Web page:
A Vision of Future Possibilities

It is of utmost importance to continuously question whether goals are being met. A district must be held accountable for value creation. Jobs and businesses should demonstrate growth, as well as a positive impact on the community.

Without such benefits, putting effort into supporting Black Wall Street or other such districts is illogical. While a successful Black district suggests great benefits for the community, it is important to remember that a failed endeavor has physical and emotional consequences.

Another issue that is important to test is distribution and the direction of money flow. As noted earlier, Blacks generate income but spend most of it on consumption outside of black neighborhoods. The current problem in many Black areas is the net loss of dollars by the community: money flow out surpasses money flowing into the area.

A viable solution lies in the creation of successful Black business districts, but the issue of autonomy is vital. Recycling dollars within the community is necessary, and those services consumers can obtain from Black businesses they need to take advantage of.

Davis comments "our solution to the leakage problem involves optimizing the net inflow of dollars to the ghetto and closing the ghetto economic system to all transactions that do not contribute to the growth of the ghetto economy as a whole.

With regard to the potential for a successful Black business district, an important issue is the possibility of government support. Government assistance for minority business enterprise is not new. With regard to Black business, specific federal programs have been in place in some form since 1964.

A detailed history of these movements is unnecessary here because the main conclusion is that efforts so far have been insufficient. Coles notes two notable problems are that Blacks are often unaware of the programs that do exist, and that government officials often have negative attitudes towards individuals attempting to receive assistance.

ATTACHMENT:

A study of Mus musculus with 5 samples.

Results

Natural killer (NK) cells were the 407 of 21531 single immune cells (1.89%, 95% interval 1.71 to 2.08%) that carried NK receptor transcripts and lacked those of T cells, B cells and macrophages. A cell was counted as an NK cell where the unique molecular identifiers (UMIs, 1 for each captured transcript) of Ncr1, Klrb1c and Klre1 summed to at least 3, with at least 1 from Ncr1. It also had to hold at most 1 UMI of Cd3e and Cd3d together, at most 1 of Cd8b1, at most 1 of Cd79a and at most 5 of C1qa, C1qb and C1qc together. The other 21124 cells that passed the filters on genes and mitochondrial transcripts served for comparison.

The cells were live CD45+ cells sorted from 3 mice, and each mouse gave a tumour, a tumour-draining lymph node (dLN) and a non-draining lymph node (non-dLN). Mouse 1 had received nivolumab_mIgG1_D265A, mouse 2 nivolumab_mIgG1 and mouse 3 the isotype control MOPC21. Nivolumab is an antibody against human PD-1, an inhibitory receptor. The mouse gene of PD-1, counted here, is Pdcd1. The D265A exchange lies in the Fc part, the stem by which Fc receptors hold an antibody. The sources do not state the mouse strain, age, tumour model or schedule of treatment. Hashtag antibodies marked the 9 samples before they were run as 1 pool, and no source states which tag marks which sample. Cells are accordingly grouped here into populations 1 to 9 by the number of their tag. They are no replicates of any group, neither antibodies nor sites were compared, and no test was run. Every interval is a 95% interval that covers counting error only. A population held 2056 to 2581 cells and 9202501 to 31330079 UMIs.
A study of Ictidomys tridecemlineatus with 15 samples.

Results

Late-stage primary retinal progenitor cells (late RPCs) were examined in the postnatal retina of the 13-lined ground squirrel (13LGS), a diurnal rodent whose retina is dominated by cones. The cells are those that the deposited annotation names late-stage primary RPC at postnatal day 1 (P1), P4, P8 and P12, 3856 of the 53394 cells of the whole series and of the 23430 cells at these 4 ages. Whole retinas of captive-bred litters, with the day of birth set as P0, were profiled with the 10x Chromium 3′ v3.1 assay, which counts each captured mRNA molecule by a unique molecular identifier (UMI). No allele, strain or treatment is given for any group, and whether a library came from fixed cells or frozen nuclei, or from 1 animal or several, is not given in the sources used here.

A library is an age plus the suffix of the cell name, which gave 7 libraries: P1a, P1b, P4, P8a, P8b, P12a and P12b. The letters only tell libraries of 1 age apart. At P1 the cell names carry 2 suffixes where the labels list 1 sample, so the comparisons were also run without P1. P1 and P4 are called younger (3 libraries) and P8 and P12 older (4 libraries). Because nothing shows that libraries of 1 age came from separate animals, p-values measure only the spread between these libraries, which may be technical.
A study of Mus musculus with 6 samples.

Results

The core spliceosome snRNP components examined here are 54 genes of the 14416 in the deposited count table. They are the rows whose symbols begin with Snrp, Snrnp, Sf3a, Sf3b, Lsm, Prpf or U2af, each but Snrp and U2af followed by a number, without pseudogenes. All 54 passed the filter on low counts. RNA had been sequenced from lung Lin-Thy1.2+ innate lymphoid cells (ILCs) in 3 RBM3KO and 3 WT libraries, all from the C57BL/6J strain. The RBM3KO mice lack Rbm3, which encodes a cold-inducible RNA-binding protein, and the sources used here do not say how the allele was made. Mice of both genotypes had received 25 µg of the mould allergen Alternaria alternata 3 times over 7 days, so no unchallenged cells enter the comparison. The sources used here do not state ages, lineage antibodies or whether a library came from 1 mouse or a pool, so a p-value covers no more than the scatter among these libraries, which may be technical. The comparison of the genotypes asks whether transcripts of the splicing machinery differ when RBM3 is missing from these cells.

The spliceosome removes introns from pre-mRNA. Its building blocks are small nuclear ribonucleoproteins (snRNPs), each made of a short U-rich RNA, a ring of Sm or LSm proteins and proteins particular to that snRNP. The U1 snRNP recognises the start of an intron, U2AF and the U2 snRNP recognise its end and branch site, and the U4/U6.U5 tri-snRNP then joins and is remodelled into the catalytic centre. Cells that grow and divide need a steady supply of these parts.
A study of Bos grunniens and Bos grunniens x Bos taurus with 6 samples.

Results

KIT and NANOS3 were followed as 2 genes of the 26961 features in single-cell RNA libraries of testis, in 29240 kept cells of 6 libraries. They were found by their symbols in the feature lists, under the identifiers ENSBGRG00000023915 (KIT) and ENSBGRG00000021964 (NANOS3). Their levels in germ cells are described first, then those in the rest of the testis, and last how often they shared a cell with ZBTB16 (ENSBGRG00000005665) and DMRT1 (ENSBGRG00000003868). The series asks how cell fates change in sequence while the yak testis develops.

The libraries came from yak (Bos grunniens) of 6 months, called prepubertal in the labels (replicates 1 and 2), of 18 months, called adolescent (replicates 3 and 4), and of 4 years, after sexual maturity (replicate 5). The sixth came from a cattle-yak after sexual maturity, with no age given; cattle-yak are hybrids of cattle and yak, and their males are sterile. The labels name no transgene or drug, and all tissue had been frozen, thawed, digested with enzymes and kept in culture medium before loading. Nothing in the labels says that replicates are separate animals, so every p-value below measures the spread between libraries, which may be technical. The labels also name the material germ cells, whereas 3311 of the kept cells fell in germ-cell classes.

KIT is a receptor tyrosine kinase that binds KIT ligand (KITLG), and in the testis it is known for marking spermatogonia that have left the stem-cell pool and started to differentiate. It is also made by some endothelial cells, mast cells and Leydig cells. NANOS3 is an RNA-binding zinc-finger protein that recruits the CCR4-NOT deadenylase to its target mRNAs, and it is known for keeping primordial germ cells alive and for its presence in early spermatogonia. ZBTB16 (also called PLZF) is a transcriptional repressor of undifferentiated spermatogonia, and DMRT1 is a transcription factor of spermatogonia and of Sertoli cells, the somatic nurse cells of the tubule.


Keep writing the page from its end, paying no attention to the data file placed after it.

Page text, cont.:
Yet it is important to not that government assistance is a possibility. Recently, President Bush announced his intentions to ask Congress for a 5.6 million dollar increase in funding for the Commerce Department"s Minority Business Development Agency (MBDA) for fiscal year 2005.

An important activity of the MBDA is the creation of Business Development Centers to increase opportunities for minorities. Ideally, the growing impact of minority populations will mean a lasting commitment by the federal government to Black business endeavors.

Finally, a last important future element is following the examples set thus far, not only in terms of the theoretical approach, but in personal behavior as well. Magic Johnson has been an extremely influential figure thus far in the cause, using his status and influence to help the inner city.

Future efforts should take advantage of the numerous successful Americans, including athletes like Magic and entertainers. By convincing high net worth individuals to invest their savings in banks in black areas or directly in black business ventures, urban black areas can further the movement for wealth creation.


While certain organizations and efforts are in place currently to establish a foundation from which to rebuild minority urban centers, a larger problem is sustaining any achievements.

A main means of achieving this elusive lasting success relies on the concept of recycling black wealth in order to support local black businesses, encourage entrepreneurs, and help foster community wealth-generation.